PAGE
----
Wednesday, February 28, 2007

Blood Is Thicker Than Water: Guadalcanal - December and the Final Stages *1

FIRST OFFENSIVE: The Marine Campaign for Guadalcanal
by Henry I. Shaw, Jr.

On 7 December, one year after the Japanese attack on Pearl Harbor, General Vandegrift sent a message to all men under his command in the Guadalcanal area thanking them for their courage and steadfastness, commending particularly the pilots and "all who labored and sweated within the lines in all manner of prodigious and vital tasks." He reminded them all that their "unbelievable achievements had made 'Guadalcanal' a synonym for death and disaster in the language of our enemy." On 9 December, he handed over his command to General Patch and flew out to Australia at the same time the first elements of the 5th Marines were boarding ship. The 1st, 11th, and 7th Marines would soon follow together with all the division's supporting units. The men who were leaving were thin, tired, hollow-eyed, and apathetic; they were young men who had grown old in four months time. They left behind 681 dead in the island's cemetery.

The final regiment of the Americal Division, the 132d Infantry, landed on 8 December as the 5th Marines was preparing to leave. The 2d Marine Division's regiments already on the island, the 2d, 8th, and part of the 10th, knew that the 6th Marines was on its way to rejoin. It seemed to many of the men of the 2d Marines, who had landed on D-Day, 7 August, that they, too, should be leaving. These took slim comfort in the thought that they, by all rights, should be the first of the 2d to depart the island whenever that hoped-for day came.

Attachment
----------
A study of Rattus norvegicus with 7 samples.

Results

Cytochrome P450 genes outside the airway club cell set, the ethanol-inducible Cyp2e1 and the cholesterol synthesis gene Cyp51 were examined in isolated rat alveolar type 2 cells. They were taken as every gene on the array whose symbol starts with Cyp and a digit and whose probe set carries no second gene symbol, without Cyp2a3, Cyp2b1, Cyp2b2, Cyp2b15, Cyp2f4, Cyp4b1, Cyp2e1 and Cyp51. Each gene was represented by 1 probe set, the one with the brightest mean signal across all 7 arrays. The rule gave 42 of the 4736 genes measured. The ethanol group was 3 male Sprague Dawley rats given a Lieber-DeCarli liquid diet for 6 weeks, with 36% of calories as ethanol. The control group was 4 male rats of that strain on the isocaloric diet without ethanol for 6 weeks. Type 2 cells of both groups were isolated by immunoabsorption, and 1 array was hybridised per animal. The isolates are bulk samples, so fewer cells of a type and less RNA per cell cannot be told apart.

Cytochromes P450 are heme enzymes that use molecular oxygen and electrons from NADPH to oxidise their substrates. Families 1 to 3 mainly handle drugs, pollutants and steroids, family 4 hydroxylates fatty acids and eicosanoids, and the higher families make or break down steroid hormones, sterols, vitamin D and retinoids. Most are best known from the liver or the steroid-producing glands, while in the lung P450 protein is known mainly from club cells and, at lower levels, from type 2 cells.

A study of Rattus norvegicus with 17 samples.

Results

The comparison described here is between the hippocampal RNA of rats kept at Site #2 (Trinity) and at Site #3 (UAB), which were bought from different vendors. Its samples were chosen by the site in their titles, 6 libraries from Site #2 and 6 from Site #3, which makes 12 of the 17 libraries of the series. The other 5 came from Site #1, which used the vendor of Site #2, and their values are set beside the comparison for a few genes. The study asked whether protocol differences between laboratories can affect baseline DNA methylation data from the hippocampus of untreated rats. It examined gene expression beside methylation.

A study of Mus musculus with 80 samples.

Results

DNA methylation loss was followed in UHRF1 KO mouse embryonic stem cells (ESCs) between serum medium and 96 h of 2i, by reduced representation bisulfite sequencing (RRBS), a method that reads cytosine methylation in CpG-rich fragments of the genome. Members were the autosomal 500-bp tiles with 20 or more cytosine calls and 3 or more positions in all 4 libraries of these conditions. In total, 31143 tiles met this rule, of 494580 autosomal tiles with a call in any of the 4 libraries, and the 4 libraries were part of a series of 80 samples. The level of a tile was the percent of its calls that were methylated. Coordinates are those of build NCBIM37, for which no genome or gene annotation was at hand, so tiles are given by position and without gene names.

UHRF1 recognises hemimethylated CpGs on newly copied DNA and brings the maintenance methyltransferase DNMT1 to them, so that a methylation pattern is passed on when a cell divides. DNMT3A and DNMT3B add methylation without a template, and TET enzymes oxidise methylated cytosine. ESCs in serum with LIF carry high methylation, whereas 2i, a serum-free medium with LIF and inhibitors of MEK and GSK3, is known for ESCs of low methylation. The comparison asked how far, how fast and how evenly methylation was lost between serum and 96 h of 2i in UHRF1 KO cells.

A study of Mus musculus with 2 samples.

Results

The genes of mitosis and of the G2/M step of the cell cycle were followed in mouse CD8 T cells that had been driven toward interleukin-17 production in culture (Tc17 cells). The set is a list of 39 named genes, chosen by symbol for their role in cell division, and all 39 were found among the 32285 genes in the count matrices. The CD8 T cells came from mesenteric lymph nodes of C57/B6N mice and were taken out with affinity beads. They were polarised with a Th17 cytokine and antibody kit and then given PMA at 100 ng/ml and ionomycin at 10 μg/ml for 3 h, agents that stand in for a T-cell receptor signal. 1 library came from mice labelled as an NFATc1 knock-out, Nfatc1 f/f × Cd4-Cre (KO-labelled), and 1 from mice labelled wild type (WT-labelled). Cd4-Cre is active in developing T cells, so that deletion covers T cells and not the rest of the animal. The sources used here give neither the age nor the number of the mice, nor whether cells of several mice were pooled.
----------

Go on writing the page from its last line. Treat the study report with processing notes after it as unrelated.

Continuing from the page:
General Patch received a steady stream of ground reinforcements and replacements in December. He was not ready yet to undertake a full-scale offensive until the 25th Division and the rest of the 2d Marine Division arrived, but he kept all frontline units active in combat and reconnaissance patrols, particularly toward the western flank.

The island commander's air defense capabilities also grew substantially. Cactus Air Force, organized into a fighter command and a strike (bomber) command, now operated from a newly redesignated Marine Corps Air Base. The Henderson Field complex included a new airstrip, Fighter Two, which replaced Fighter One, which had severe drainage problems. Brigadier General Louis Woods, who had taken over as senior aviator when Geiger returned to Espiritu Santo, was relieved on 26 December by Brigadier General Francis P. Mulcahy, Commanding General, 2d Marine Aircraft Wing. New fighter and bomber squadrons from both the 1st and 2d Wings sent their flight echelons forward on a regular basis. The Army added three fighter squadrons and a medium bomber squadron of B-26s. The Royal New Zealand Air Force flew in a reconnaissance squadron of Lockheed Hudsons. And the U.S. Navy sent forward a squadron of Consolidated PBY Catalina patrol planes which had a much needed night-flying capability.